Adenovirus against cancer
Researchers at Queen Mary University of London, working under the guidance of Dr. Gunnel Hallden, in experiments on mice demonstrated the ability of flu-like virus particles to destroy pancreatic cancer cells without having a detrimental effect on surrounding healthy tissues.
According to statistics, in the UK, 9,800 people are diagnosed with pancreatic cancer every year. This disease is very aggressive and has the lowest survival rate among all types of cancer – less than 5% of patients survive for 5 years or more.
The reasons for poor survival include late diagnosis, as well as the rapid development of the tumor and its resistance to existing treatments. In order to avoid the development of drug resistance, experts suggest using modified viral particles harmless to healthy tissues to target tumor cells.
The authors used a unique characteristic of pancreatic cancer cells – the expression on the cell surface of specific molecules known as alpha-V/beta-6 integrins. They modified the adenovirus particles in such a way that an additional small protein is expressed on their surface that recognizes alpha-V/beta-6 molecules and binds to them.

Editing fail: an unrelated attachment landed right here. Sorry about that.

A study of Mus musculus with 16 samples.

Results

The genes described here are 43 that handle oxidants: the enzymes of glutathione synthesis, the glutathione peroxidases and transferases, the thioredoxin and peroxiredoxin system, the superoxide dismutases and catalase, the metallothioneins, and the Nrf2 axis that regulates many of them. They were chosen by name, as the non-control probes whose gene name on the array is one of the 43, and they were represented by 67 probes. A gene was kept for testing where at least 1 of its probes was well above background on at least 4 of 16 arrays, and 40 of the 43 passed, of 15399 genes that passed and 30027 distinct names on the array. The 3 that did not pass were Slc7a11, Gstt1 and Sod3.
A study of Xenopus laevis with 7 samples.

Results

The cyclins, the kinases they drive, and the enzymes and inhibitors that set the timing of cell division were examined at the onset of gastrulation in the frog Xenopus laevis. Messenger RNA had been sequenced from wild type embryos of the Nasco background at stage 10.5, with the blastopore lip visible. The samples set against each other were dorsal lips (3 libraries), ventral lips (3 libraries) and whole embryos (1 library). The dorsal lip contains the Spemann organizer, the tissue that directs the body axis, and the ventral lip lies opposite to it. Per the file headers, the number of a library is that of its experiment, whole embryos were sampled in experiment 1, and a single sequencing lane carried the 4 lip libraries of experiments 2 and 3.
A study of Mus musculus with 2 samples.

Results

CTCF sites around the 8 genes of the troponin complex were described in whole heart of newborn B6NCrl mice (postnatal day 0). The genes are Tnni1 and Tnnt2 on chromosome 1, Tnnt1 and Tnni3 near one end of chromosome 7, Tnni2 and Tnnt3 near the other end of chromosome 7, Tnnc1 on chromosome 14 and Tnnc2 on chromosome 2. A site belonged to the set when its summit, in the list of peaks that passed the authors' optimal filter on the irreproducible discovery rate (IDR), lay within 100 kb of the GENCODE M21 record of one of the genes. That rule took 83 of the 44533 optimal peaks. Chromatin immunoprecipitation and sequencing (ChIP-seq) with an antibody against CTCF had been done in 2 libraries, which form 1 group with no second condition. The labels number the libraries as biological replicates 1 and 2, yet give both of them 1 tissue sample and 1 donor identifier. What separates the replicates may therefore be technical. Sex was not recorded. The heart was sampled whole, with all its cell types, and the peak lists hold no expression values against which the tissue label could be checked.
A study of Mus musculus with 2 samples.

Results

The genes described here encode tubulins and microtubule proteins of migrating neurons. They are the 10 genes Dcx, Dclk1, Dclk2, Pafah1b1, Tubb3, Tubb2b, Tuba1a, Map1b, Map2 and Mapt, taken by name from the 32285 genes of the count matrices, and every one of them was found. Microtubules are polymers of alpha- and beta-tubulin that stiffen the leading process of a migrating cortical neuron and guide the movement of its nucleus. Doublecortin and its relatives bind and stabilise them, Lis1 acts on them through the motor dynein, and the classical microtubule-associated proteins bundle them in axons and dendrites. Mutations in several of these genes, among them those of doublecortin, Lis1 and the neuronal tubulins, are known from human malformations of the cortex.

After penetration into the cancer cell, viral particles replicate, producing many copies of themselves, after which the cell is destroyed and viral particles are released. These particles bind to the surrounding cells, and the cycle repeats again, which, eventually, should lead to the destruction of the tumor.
Experiments on three-dimensional tumor cell cultures and mice with implanted human pancreatic tumors have demonstrated the ability of therapeutic viruses to suppress tumor growth.
The concept of using modified viruses has already demonstrated promising results in experiments on models of various types of malignant tumors, including brain, head and neck cancer, as well as prostate cancer. The authors claim that the new virus is more specific and effective than earlier versions of therapeutic viruses. Moreover, it is able to improve the results of the use of antitumor chemotherapeutic drugs, traditionally used in clinical practice.
Currently, the researchers are looking for funding sources and plan to start conducting clinical trials of the approach they have developed within the next two years. They note that it will take about 5 more years to obtain the first confirmations of the safety and effectiveness of the new therapy.
Article by Y. K. Stella Man et al. The novel oncolytic adenoviral mutant Ad5-3delta-A20T retargeted to alpha-V/beta-6-integrins efficiently eliminates pancreatic cancer cells is published in the journal Molecular Cancer Therapeutics.
Evgenia Ryabtseva, portal "Eternal Youth" http://vechnayamolodost.ru based on the materials of Cardiff University: Researchers use flu-like virus to attack pancreatic cancer.